What’s that era between
your late twenties and early thirties?
Whatever it’s called, it’s when it seems like you have to make A Lot Of Big Decisions All At Once.
Whether you’re navigating the quest to find work you love, or summoning the courage to quit a situation that brings you down… you’re never the only one struggling.
These are the insights of someone who overheard the soul-searching of a whole range of London millennials, through several years with Escape the City. She turned those experiences into observations for the Huffington Post - at first about work and startups, and then about the juicier stuff: life, love and womanhood.
It’s Okay Not to Be Passionate About Your Day Job
"A job used to be a long-term arrangement whereby you provided skills and your employer provided compensation for said skills - end of story. Today's workplace seems to be much more than just a marketplace. For millennials, 'work' has almost taken on a spiritual obligation - it has become a place where we are meant to find meaning and redeem not only ourselves but also the world around us."
Adele Barlow has worked in marketing for some of London's top tech start-ups shaping the future of work, namely Escape the City, Lexoo and Makers. She writes for The Huffington Post and is the author of “Finding Fulfilling Work”, “Leaving Law: How Others Did It & How You Can Too”, and "8 Ways to Escape the MBA Debate”. She grew up in Hong Kong, New Zealand and Malaysia, and lives in London.
An entertaining and engaging collection of essays
about the issues that only you can figure out for yourself
1. Overcoming the Overachiever’s Quarter Life Crisis
2. It’s Okay Not to Be Passionate About Your Day Job
3. Why Is Running Away to the Beach Not the Solution?
4. What’s the most bullshit startup advice out there?
5. How do you start a business that changes the world?
6. How to Leave Law and Raise $1.3Million for Your Startup
7. What Nobody Tells You About Turning 31
8. Why I’m Not Setting New Year's Resolutions
9. How do you make big decisions?
10. How to be a useful woman
11. Why Female Entrepreneurs Are Scared to Lean In
12. What if I don’t want kids until it’s too late?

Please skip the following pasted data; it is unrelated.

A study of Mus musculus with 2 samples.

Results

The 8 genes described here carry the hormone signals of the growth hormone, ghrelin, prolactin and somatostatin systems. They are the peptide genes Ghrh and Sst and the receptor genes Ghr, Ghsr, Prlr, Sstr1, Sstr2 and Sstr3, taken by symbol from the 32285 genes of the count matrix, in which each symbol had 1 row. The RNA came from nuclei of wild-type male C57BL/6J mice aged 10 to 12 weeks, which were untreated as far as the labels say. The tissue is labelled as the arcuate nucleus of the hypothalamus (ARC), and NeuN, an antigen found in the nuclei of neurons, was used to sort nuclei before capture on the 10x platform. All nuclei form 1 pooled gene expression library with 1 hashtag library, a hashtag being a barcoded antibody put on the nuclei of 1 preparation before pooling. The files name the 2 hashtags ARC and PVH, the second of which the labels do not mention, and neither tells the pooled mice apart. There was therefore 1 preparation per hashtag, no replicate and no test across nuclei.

13. Can’t we be single AND awesome?
14. Why Every Man Needs A Therapist
15. What I'd Tell Her Daughter About Heartbreak
“There must be more to life than this. There must be something more fulfilling and rewarding which would also allow me to make a living. I feel a bit lost in where to start or which direction to go, so I'm looking for advice.”
This was the core message I came across when I was with Escape the City (“Escape”), a website helping people find fulfilling work. Okay, “website” doesn’t do it justice: as cliched as this might be in millennial circles, it felt more like a movement.
Startups change shape quickly but when I was there, Escape was a community of motivated corporate professionals wanting to ‘do something different’ with their careers.
I found myself quasi-counselling top graduates from the world’s leading universities. These bright millennials had followed all the rules, gotten “safe” and “sensible” jobs, then found themselves feeling lost.
While accidentally moonlighting as their makeshift therapist, I met a lot of smart professionals who didn’t want to become a photocopy of someone else (whether that was their parent, boss, or partner).
I was grateful to help build the first version of the Escape School as Education Director, to lead the global Escape community and to produce tons of events (almost 200, I calculated once), countless blog posts as well as email newsletters and essays.
We’d explore leaving big corporates, pursuing alternative careers, building businesses, and going on big adventures. Ultimately, these endeavours were focused around the question posed above: where do we start, when it comes to finding work we love?
Exploring these ideas was fun and I started writing for the Huffington Post. Discussing work and then startups led to writing about life and then love and then at some point, being a woman. This is a collection of those articles.